Other Senate Democrats May Join Nelson to Oppose Pro-Abortion Health Care Bill
by Steven Ertelt
December 18, 2009
Washington, DC (LifeNews.com) — Harry Reid’s Democratic caucus in the Senate may be unraveling even further than the abortion fight he is having with pro-life Sen. Ben Nelson. Other senators are voicing their concerns about various unrelated provisions of the pro-abortion, government health care bill.
The potential opposition is important because, to get the pro-abortion health care bill approved in the Senate this year, Reid needs commitments by Saturday evening.
"If we are going to get a bill out of the Senate, which will be very close to getting a bill enacted, we have to do it in 2009," Sen. Bob Casey said yesterday, according to Politico. "Some might not think so, but what I would worry about is losing momentum." "We’re down to 48 to 72 hours," he said.
Nelson has been the biggest obstacle because of his opposition to the bill over abortion funding and said he would not give any hint on when he would decide whether to back off his filibuster threat.
"I don’t have a timetable to do that," Nelson told Politico. "We’re still working on language, and a number of issues are under consideration right now that I’ve requested. And we’ll have all that information back and see the [Congressional Budget Office] numbers on the package that was sent over a week ago. Then we’ll look at everything, and I’ll make my decision."
The office of Virginia Sen. Jim Webb said late Thursday that he is still "undecided" about the health care bill.
A Webb spokesman told the Washington Post that the first-term Democrat is "still deliberating about the bail."
"It is not surprising that he is being lobbied by interests on both sides of the aisle. Senator Webb has a reputation for being very deliberative and independent-minded," spokeswoman Jessica Smith said in a statement. "The fact that he has said he is undecided about this bill is not extraordinary."
Webb wrote in an op-ed published in the Winchester Star on Wednesday that "I have yet to decide whether I will support final passage of the bill."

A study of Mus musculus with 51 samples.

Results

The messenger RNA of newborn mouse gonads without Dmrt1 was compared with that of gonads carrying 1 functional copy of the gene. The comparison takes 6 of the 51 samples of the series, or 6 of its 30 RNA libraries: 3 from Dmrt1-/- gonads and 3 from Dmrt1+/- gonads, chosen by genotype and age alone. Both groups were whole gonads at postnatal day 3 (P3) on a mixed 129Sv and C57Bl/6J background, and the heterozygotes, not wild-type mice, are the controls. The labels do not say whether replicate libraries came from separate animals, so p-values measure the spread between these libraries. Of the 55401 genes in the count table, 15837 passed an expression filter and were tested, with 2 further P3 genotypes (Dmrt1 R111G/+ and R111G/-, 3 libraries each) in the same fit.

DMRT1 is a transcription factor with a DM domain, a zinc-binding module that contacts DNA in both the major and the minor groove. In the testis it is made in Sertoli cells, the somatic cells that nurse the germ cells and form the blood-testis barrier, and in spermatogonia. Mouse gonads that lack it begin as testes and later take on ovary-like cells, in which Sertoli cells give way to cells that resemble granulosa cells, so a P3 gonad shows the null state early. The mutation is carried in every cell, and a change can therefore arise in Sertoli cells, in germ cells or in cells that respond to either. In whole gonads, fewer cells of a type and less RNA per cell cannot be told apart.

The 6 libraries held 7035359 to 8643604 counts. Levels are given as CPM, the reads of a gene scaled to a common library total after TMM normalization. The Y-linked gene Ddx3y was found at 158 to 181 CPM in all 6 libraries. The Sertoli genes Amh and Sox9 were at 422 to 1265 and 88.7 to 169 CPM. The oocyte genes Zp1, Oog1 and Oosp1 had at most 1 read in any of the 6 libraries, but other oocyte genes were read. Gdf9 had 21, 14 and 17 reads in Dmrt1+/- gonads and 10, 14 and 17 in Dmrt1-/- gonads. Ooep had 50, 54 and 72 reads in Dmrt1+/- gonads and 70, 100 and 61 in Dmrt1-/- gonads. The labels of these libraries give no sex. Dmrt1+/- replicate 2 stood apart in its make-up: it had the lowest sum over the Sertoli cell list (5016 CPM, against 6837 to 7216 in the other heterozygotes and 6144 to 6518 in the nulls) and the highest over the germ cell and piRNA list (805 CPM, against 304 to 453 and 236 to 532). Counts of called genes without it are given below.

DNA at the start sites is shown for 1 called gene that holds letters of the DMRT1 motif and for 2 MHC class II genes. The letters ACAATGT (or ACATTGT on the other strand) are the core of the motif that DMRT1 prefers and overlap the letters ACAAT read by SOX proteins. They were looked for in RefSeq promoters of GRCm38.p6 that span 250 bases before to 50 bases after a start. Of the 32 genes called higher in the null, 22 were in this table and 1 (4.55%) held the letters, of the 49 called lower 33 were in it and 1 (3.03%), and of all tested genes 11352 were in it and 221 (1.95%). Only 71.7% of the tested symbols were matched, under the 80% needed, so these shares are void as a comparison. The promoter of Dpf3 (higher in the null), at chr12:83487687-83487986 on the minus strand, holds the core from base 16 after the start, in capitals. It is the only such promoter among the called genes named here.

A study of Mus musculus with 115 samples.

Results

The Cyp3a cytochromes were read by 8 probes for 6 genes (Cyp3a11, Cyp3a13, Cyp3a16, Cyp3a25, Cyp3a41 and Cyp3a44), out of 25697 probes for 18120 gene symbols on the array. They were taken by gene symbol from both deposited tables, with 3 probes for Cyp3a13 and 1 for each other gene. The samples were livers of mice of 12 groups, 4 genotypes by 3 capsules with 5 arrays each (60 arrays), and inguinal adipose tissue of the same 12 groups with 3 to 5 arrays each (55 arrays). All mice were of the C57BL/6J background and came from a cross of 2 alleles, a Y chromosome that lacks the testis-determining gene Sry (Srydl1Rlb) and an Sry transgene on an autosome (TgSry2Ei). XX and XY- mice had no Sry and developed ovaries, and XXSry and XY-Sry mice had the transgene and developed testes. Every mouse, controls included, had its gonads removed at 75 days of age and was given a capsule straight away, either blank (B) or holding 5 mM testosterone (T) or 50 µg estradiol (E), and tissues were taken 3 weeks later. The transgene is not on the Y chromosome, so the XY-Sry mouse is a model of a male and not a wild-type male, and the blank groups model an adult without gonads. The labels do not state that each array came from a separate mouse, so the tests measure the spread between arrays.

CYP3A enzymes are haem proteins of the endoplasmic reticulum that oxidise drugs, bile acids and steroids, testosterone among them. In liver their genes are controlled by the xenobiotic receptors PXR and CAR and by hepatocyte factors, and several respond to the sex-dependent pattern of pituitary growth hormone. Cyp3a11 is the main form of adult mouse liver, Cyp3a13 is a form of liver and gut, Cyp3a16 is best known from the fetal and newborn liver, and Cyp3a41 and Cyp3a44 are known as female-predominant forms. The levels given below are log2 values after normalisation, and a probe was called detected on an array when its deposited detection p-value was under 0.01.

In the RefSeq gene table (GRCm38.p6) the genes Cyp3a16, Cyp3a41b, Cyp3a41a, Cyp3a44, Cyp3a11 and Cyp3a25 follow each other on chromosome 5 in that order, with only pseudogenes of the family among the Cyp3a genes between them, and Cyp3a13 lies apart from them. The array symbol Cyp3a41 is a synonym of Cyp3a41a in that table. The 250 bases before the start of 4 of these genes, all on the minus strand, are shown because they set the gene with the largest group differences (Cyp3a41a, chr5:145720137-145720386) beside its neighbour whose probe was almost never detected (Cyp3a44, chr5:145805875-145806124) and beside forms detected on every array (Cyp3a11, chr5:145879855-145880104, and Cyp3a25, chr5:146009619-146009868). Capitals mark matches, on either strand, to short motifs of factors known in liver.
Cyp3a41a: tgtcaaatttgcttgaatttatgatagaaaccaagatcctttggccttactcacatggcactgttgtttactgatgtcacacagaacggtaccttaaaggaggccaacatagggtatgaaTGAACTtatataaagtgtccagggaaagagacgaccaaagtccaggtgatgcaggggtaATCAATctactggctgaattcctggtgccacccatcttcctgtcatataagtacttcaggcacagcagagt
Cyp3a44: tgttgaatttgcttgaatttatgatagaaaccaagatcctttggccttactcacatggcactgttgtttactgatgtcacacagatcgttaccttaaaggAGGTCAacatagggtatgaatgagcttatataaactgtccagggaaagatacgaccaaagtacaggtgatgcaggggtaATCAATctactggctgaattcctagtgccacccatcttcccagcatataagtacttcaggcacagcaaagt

Republicans point out that Webb voted with all 59 Democrats to start debate on the bill but, since then, has voted for some of their amendments to weaken or remove the problematic portions of it.
Webb could actually be one of a handful of Democrats to express hesitation or reservations about the bill.
Sens. Bernie Sanders of Vermont and Roland Burris of Illinois are both liberals who have said they may oppose the bill because it does not contain a strong government-run public option that they favor.
However, yesterday, it appeared Burris may have backed off his threats.
"We’ll see what it is, but what the situation is now is the realization that we can’t kill the bill," Burris told Politico. "That’s the realization."
Russ Feingold of Wisconsin is another senator who could become a no vote when the rubber meets the road.
"I certainly think a stronger bill would be better in every respect, better policy … but there are obviously some good things in the bill," he said earlier this month, according to The Hill.
He is waiting on the financial analysis of the bill and Reid’s changes to it before making a final decision.
"I am not making a judgment until I see the CBO numbers and that’s only the beginning," he said.
Also, Senator Claire McCaskill of Missouri, who is facing enormous pressure from her home state to vote no, also says she will decide based on the CBO score.
Reid has until Saturday to strike a 60-vote compromise if Democrats hope to meet a Christmas Eve deadline.
Reid still has no legislative text and no cost analysis to release, though reports indicate he may finally release the text of the manager’s amendment on Saturday that he is using to shore up votes.